Asia’s biggest film festival may be returning to health. The press conferences held in Busan and Seoul on Tuesday were the first official events attended by the Busan International Film Festival’s returning co-founders, Lee Yong-kwan and Jay Jeon, since a toxic cocktail of local and national politics tipped the festival into two years of internal strife and conflict with the Busan city authorities.

Back as chairman of the festival’s board of directors, former festival director Lee proclaimed that 2018 would be a year for “harmony, normalization, and a new leap forward.”

“The Busan Festival is like a patient that needs a surgery, but who is advised by the doctor to wait until his condition is regained, instead of hurrying to be operated. This year should be the turning point,” said Lee. He and advisors have liaised extensively and expect to unveil a long-term plan at the festival’s next general assembly.

“Compared to the previous years, we were behind the schedule by a couple of months this year because new programmers only joined the team at the end of April. In such circumstances, we decided to focus on stability, rather than being overambitious,” said Jeon.

Though most program sections and sidebars remain familiar, a significant change is the launch of the Community BIFF plan, made possible by a 6.5% budget increase to $10.9 million. To promote audience participation and strengthen connections with local film organizations, subsidiary events and programs will be hosted in Nampodong district, near the festival’s old home, but a significant distance from the current Haeundae base. “We will give (this initiative) a try this year, and decide whether to keep going,” said Jeon.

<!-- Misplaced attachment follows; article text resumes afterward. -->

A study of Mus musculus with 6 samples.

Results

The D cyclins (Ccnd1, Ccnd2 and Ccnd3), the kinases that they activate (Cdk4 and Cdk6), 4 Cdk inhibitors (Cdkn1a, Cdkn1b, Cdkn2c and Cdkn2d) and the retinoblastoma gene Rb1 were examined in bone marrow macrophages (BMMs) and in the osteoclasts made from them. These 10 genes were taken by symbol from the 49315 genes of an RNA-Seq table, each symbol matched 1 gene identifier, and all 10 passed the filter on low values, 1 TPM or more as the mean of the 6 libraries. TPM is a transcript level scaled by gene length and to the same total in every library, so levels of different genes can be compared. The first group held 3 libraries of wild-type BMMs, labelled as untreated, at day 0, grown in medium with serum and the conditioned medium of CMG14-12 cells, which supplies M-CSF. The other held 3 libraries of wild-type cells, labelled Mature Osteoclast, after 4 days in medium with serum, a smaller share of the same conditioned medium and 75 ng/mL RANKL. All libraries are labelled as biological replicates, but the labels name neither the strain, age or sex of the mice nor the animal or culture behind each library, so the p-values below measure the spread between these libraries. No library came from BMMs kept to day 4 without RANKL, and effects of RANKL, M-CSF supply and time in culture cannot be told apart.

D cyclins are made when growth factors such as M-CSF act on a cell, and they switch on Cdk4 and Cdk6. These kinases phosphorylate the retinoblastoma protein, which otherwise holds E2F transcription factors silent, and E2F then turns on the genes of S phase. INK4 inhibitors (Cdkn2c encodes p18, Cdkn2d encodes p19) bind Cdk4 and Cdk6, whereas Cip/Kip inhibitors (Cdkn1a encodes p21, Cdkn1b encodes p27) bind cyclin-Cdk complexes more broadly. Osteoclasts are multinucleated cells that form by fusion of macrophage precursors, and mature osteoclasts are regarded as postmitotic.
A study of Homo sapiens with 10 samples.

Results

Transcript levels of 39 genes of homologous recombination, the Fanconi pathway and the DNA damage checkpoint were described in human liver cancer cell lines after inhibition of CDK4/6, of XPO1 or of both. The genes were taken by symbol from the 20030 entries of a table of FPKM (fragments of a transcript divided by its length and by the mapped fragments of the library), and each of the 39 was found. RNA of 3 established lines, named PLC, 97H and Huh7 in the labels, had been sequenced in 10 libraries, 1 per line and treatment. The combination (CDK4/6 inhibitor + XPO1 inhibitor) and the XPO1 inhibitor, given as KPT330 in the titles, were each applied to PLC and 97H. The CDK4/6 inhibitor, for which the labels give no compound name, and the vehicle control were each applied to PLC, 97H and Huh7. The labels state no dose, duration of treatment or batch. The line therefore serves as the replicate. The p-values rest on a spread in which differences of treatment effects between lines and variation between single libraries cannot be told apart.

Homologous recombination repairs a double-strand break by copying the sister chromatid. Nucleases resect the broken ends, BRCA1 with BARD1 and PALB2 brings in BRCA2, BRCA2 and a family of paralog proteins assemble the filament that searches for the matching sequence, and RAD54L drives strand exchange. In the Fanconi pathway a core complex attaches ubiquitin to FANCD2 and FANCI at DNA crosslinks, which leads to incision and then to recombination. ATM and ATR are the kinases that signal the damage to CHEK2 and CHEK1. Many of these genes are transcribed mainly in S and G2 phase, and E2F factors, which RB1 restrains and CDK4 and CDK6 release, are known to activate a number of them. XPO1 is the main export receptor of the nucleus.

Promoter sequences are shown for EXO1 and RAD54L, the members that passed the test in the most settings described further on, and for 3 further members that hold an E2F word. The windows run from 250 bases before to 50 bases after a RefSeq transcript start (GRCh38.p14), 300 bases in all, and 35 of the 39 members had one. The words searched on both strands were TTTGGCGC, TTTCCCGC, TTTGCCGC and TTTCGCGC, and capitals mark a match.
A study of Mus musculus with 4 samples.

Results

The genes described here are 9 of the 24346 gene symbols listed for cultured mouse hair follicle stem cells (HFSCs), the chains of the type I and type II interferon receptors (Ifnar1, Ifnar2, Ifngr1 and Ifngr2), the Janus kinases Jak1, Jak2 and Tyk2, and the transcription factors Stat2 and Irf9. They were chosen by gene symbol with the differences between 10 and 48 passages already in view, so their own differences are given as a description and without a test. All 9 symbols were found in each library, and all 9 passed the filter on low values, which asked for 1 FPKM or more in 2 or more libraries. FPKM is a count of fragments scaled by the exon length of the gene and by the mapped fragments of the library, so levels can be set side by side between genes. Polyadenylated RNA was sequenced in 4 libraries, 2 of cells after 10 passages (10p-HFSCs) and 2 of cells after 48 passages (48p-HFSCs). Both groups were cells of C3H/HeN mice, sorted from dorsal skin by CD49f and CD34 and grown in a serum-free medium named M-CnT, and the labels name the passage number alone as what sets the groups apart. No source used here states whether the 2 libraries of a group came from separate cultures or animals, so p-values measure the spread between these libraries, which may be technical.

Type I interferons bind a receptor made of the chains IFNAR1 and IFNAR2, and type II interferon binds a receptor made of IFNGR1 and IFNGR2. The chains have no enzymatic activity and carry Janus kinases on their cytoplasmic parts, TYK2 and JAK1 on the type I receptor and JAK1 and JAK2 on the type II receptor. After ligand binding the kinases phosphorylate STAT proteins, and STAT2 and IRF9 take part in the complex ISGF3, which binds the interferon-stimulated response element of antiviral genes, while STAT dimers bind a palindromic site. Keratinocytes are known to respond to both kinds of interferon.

The 10-film Busan Classics section is another new program section. “For young audiences who may become loyal supporters of the Busan Festival in the future, Busan Classics, retrospectives on Lee Jang-ho, and cinema of the Philippines will be a chance to encounter a Zeitgeist that they have never experienced,” Jeon said.

With the co-founding duo’s return, the South Korean film industry has lifted its boycott of the Busan festival. One element that continues to require healing treatment is the relationship between the festival with former chairman Kim Dong-ho and festival director Kang Soo-youn. The pair stepped into the breach for two years when the festival was tearing itself apart, but ended up the target of great animosity.

“I spoke to Kim several times and tried to convince him to this year’s opening ceremony, but he has not given an answer yet. Kang might take even longer time [to be back on good terms]. I believe it is important to have the two back at the festival so that we do not lose our tradition,” said Jeon.

This year’s budget increase is also being used to fund a documentary about the festival’s late executive programmer Kim Ji-seok.“We expect to finish production next year and premiere it in Busan. We will support the film so that it travels to festivals around the world,” said Jeon.